Posted: 4 May 2012

The observatory was opened Thursday, 3 May 2012, at 1800 MST, 93°F. The sky was mostly clear, but there were some clouds in the west through northeast. I set up the Meade ETX-125AT on the observatory patio:


I would use the ETX-125AT for lunar and planetary observing and imaging. I did not use the 8" LX200-ACF this night. I powered up the ETX at 1828 MST, still over 30 minutes before sunset. I did a fake AutoStar star alignment, just assuming that the two alignment stars were centered, as no stars were currently visible in the bright sky. I then did a GOTO Venus; it was placed just outside of the finderscope FOV. I attached the iPhone 4 to the ETX for imaging using the Magnilux MX-1 afocal adapter. This cropped image (overexposed) was taken at 73X at 1840 MST:


I then did some lunar observing at 73X, 127X, 196X, and 345X. All were excellent views, even though I exceeded the theoretical maximum magnification of 250X.

At 1914 MST, clouds were now in all directions around the horizon. I decided to do a CALIBRATE MOTOR and TRAIN DRIVES, which I had not done on the ETX-125 in a long time.

At 1930 MST, I resumed iPhone imaging with the MX-1 adapter and took these photos, 73X and 146X:




I ended imaging and did a real Easy Two Star Align with the AutoStar. Then a GOTO Venus; much better alignment. Then GOTO Saturn; placed in 26mm eyepiece FOV. One moon was visible at 73X: Titan. I switched to 127X; seeing was not very good now due to clouds over much of the sky, but I did pick up the moon Rhea. Switched to 196X; no additional moons were seen, but Cassini Division was visible. Tried 345X, but seeing was not good enough.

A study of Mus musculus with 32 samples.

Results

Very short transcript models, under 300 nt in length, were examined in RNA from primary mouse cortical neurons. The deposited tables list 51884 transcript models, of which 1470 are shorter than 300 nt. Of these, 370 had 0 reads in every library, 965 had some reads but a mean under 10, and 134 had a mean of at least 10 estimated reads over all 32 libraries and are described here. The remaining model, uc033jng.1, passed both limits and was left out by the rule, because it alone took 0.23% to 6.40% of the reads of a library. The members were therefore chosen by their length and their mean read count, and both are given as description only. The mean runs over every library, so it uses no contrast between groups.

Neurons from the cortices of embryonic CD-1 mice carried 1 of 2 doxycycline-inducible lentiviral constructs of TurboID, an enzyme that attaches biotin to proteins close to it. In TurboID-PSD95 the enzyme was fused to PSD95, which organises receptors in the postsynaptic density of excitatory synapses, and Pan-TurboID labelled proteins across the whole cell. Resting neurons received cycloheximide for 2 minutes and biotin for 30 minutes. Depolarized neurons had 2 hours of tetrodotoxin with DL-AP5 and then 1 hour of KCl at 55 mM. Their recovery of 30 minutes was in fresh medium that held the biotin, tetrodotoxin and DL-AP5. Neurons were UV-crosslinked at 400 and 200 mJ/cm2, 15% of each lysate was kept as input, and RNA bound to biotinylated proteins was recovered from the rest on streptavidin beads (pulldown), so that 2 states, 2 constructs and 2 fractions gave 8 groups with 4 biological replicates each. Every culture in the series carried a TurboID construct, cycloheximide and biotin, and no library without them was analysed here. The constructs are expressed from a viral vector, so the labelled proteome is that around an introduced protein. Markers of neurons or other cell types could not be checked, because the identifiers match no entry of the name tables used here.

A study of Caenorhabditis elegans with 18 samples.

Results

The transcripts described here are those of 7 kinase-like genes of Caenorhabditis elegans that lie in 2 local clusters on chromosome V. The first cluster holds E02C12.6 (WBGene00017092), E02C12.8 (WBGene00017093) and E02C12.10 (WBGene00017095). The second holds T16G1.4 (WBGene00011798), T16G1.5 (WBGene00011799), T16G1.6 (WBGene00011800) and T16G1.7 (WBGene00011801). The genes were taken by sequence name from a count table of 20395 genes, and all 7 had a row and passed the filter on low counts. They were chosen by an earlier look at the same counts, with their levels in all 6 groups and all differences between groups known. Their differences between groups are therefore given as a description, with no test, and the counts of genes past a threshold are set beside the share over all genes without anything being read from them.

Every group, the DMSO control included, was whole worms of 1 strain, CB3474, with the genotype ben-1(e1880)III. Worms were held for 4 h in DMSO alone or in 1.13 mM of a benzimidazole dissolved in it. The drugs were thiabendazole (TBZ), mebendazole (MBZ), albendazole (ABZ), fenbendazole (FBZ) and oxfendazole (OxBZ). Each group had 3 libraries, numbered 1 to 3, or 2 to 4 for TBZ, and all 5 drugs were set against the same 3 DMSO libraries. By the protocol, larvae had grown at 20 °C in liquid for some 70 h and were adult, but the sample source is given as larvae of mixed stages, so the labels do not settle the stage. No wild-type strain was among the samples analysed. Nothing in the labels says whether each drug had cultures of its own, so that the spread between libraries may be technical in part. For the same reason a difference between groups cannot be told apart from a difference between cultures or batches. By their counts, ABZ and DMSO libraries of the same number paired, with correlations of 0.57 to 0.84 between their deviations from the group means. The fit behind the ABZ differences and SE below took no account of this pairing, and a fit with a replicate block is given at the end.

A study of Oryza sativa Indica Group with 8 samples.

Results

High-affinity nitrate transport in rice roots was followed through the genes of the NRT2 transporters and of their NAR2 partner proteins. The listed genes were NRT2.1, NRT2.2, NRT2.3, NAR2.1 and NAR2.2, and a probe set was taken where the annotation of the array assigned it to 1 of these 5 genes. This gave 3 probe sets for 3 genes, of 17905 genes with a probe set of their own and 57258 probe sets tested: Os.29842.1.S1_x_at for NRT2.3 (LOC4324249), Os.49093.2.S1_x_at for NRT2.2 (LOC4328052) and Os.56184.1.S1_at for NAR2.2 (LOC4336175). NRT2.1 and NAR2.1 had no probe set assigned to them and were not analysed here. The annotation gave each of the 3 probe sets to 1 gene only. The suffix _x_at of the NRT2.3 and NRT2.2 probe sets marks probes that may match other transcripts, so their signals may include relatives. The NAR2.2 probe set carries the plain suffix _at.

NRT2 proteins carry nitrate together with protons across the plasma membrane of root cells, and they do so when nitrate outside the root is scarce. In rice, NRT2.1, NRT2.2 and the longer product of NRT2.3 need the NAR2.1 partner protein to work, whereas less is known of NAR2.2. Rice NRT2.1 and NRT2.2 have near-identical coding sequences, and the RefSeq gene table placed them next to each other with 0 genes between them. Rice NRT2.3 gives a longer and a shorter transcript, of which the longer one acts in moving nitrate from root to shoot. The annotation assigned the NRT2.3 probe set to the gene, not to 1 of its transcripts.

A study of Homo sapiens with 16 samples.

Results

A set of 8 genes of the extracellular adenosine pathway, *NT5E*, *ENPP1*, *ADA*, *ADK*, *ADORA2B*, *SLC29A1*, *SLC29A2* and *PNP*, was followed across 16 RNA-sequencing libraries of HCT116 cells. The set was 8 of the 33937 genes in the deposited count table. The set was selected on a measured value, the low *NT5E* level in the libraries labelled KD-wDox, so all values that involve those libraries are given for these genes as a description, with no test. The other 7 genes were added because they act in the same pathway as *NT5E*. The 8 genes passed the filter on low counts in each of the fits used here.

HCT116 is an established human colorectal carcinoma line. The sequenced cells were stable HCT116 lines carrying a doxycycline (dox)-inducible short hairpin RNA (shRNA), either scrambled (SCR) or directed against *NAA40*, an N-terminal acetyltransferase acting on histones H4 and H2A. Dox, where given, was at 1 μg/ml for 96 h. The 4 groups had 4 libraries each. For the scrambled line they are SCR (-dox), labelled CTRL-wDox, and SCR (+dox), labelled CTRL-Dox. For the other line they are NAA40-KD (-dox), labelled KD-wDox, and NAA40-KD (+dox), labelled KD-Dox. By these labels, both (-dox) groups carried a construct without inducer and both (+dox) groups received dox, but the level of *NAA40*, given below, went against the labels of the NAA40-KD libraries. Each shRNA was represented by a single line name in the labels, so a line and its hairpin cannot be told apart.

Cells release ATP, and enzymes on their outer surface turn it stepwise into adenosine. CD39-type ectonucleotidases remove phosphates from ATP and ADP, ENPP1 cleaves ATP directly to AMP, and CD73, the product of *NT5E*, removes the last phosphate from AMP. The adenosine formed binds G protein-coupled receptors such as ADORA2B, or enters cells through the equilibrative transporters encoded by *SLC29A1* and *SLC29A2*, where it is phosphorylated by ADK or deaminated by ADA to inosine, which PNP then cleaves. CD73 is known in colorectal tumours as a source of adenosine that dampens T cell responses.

At 2010 MST, viewed Mars near the zenith in the ETX-125AT at 73X. The sunrise cloud was brightly visible. At 127X, the North Polar Cap, sunrise cloud, and a dark area were visible. At 196X, there was a better view of the NPC, cloud, and dark area. Using 345X there was a surprisingly good view of the NPC, cloud, and dark area. And the gibbous phase was clearly seen. Viewing Mars near the zenith really helped.

I then tried some iPhone imaging of Saturn in the ETX. However, all the images taken with the Camera app were overexposed.

At 2038 MST, I decided to end the session for the night due to the clouds. But it had been a fun and enjoyable evening using the ETX-125AT once again.

Closed the observatory at 2058 MST, 70°F. Just as I was closing the observatory, there was an area-wide power outage. It lasted 3 hours. Too bad it didn't happen during new moon!

Comments are welcome; use the Comments section below, or you can Email Me. Thanks.